Of course I can do better...

...I've got a 4 slice toaster.


Does software count?

I've played a practical joke on a few people in our office - we've implemented a ClearQuest system that the management team are convinced is revolutionary. It looks like software, it loads like software, but it is in fact as useful as a chocolate condom...


... a DOS boot CD that reads USB and Firewire HDDs & external CD drives?

Sorry that's real and the photo's aren't all that impressive.


You cant beat an Glass Hammer gag...

We had one of our purchasing guys (IT systems integrator, so our purchasing/sales guys should have reasonable knowledge) hunting around for a 3d fibre cable, we told them that the SAN we had needed them to connect to the servers we had as the servers had come with 3d cards and not the standard 2d ones. he came back after a week to make sure that it existed as he coundt find the part number we had supplied!(insert a weeks worth of e-mail trail wich we still hold over him).


The laughs you lot must have each day! You're all barking!!


Mourn the passing of CRT based monitors...

A long time ago...

Sprinkled dummy files with names like RORRIM.BAT and MIRROR.EXE on the hard drive of a colleague's PC. Then opened up the monitor case & swapped the connections to the scan coils.

Took him a while to find that...


I will try to find the actual device and photo it before the week end, but...

Back in 1977 I had the dubious title of "Systems Software" at a small start-up satellite imaging company in the U.S. midwest. At the time we were constructing custom hardware based on PDP-11 half-rack systems, along with our own solder-wrapped custom AtoD and digital video image processing hardware and software. (We were even building our own frame buffers and shading correctors - that's how far back this goes!)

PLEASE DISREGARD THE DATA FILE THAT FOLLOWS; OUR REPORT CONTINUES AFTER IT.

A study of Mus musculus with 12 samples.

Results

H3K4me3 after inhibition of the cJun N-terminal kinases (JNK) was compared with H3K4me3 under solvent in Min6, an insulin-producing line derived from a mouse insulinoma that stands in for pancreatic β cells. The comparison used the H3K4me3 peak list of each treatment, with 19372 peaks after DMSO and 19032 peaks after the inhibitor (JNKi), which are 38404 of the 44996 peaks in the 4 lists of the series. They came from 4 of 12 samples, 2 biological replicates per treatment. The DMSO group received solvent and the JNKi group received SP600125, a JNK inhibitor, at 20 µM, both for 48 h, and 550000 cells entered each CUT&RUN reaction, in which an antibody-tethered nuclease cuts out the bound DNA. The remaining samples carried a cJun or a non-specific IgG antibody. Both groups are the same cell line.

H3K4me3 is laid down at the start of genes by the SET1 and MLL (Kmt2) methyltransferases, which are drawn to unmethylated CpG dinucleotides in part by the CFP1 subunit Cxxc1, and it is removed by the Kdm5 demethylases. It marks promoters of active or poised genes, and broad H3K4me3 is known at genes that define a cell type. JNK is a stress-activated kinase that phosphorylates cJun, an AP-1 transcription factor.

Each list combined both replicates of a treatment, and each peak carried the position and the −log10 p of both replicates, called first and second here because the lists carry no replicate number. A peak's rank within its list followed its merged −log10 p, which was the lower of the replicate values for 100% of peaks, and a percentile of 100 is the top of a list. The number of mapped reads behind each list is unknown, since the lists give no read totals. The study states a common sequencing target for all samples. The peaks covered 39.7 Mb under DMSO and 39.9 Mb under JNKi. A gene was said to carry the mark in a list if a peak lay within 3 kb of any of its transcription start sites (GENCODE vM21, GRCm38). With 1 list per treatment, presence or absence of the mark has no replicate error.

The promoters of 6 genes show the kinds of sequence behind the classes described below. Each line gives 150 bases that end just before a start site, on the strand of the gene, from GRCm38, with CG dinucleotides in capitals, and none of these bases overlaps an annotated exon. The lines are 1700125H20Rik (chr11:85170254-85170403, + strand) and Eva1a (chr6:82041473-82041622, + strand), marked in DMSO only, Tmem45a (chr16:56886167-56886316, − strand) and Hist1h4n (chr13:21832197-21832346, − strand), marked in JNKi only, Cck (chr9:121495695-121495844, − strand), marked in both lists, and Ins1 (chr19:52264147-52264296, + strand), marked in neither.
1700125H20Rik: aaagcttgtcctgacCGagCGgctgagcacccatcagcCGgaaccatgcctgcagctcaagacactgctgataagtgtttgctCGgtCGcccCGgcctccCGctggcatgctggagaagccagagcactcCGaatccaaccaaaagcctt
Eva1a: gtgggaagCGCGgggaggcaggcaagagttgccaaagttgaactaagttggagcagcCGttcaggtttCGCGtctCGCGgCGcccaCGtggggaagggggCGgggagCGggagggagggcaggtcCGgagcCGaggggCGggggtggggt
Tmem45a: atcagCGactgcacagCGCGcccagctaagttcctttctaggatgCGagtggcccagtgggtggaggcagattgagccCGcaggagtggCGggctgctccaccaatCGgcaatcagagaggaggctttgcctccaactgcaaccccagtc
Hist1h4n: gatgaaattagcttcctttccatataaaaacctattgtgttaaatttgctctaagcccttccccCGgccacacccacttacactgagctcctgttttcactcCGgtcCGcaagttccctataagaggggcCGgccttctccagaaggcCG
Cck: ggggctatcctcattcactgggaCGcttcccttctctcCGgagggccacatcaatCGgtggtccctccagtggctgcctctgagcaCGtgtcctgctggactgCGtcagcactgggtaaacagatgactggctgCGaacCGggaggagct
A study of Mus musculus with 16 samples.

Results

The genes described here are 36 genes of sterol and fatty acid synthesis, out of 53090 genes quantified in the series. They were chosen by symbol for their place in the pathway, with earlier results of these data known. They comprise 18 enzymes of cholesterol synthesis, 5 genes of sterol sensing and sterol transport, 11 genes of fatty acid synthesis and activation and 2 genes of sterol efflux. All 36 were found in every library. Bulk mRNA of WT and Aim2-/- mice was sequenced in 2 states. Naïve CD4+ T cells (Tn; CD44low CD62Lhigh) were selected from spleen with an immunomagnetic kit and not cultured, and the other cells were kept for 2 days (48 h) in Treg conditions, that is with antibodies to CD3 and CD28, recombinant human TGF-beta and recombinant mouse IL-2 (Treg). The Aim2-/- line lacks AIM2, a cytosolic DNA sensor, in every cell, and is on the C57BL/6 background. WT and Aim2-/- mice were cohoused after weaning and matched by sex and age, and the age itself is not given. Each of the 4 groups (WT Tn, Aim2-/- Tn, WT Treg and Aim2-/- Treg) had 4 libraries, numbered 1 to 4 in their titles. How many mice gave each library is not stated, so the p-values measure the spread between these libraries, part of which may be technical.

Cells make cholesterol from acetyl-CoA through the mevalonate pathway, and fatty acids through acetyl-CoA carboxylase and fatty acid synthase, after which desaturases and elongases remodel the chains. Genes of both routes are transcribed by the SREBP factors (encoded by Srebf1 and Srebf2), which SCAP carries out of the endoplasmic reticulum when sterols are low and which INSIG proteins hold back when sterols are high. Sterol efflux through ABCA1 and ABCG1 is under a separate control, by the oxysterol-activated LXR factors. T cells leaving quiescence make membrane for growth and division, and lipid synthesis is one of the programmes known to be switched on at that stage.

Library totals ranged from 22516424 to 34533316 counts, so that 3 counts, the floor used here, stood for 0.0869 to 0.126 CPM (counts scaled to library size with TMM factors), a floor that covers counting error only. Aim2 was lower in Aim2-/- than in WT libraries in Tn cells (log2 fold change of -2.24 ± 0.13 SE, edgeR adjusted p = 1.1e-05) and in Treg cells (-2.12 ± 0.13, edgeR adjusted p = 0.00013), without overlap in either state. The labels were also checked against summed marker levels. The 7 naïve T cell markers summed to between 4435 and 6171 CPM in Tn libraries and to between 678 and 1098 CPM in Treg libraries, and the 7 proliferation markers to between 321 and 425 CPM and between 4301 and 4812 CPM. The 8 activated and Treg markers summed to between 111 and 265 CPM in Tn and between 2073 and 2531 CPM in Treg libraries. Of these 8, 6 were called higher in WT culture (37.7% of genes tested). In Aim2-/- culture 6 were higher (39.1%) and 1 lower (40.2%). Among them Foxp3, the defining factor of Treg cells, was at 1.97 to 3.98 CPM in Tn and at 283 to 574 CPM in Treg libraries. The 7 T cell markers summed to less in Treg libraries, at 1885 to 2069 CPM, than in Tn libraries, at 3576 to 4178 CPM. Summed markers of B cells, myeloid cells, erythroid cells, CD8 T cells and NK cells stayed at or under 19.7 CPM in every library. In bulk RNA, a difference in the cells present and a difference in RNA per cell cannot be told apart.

Anyway, we also used 4 128KB 8" floppy drives in the kit, mounted behind a nice cut-out panel on the front of the console pedestal. However, the cover panel was rarely ever "square" to the drives, and required some puonding to get the diskettes line up through the slots.

I had brought a 5-pound hand sledge in to "assist" with the alignment of the covers: it worked beautifully, as one tap would generally do the trick. I usually left it sitting around in our demo room, as, invariably, we'd be rushing a system out of "manufacturing" directly into the demo area minutes before customers arrived to do acceptance on the system - hence the need to quickly get covers "tapped" into place.

One day, some "boys" from the NSA showed up for their system, but entered the demo room slightly before I had finished the setup. They heard me banging on the cover plate from the hallway, and entered just in time to see the system coming up...and a 5lb. hammer sitting on the console table.

"What's that used for?" one of the "boys" asked.

"Disk drive alignment tool." I replied, truthfully.

They required we provide them with "the tool" as part of the delivery package.

The next day, our Marketing department gave me a hand-made wooden box with the company logo labeled "Disk Drive Alignment Tool Kit", containing a brand-new 5lb. hammer with the company logo painted neatly on it.

So, I guess this is the true source of the US$500 hammers that you hear about so often...

And the "alignment tool" still works great for removing the knock-offs from my 1956 MG wheels...


Oh, and it's not mine either.

Canford Audio sell an earth spike fitting tool and the description goes thus:

"Earth spike fitting tool. British made, using heat treated, drop forged, shot blasted, polished face steel heads with genuine hickory handles, these specialist tools will ensure correct fitting of most earth spikes, as well as performing numerous fine adjustments generally required at outside events. Weight 1.8 kg"

As you may have guessed, it is in fact a 4lb lump hammer.